Saturday, 7 June 2014

The Good Soldier Svejk by Jaroslav Hašek

"And so they've killed our Ferdinand," said the charwoman to Mr. Svejk, who had left military service years before, after having been finally certified by an army medical board as an imbecile, and now lived by selling dogs - ugly, mongrel monstrosities whose pedigrees he forged. 

What is there not to like about this line? It has conflict, in that World War I is about to begin with the assassination of Archduke Franz Ferdinand. It establishes the main character of Mr. Svejk as a "certified" imbecile who sells dogs, which is amusing and sets the tone for the novel. Plus there is the bizarre mention of forging pedigrees that raises questions.

This line has the wit that other modern novels (particularly of the chick lit vein) reviewed on this blog have, but it is not just witty for witty's sake. There is information that allows a plot to move forward.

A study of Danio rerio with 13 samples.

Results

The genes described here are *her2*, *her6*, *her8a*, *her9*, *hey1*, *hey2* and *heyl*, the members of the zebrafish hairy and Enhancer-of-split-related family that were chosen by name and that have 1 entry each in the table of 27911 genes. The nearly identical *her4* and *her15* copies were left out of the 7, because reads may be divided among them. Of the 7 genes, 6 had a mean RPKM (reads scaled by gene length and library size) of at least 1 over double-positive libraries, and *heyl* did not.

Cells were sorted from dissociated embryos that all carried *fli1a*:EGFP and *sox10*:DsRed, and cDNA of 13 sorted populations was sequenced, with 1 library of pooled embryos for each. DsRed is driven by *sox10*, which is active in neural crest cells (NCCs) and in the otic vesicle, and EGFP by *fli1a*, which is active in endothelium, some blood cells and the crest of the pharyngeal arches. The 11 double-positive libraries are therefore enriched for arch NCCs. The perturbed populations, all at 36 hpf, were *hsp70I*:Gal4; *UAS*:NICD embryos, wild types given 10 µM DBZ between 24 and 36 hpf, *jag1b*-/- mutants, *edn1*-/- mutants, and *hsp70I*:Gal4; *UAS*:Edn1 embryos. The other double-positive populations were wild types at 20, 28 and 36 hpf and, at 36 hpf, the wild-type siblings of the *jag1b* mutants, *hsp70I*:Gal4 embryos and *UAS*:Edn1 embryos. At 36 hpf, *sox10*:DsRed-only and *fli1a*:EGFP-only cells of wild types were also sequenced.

So this gets the first five star rating on this blog. Perhaps it is because I'm in a good mood, or perhaps it is because the author is dead and I don't have to worry about anyone gloating, but mostly because this line hooks. It has everything this kind of book needs. I'm ashamed to say I haven't read this, but I will, ASAP.

This is part of the series: the top 100 novels from Daniel S. Burt's book called Novel 100, the top 100 novels of all time. There is debate of course as to what should be on that list, but his opinions are as good as any. The Good Soldier Svejk comes in at number 96.

Verdict: Pure Genius (Can't get this out of my head; MUST read on - I've been manipulated!)

Theodore Moracht

UPDATE: I've been informed of another translation:

“So they’ve done it to us,” said the cleaning woman to Mr. Švejk. “They’ve killed our Ferdinand.”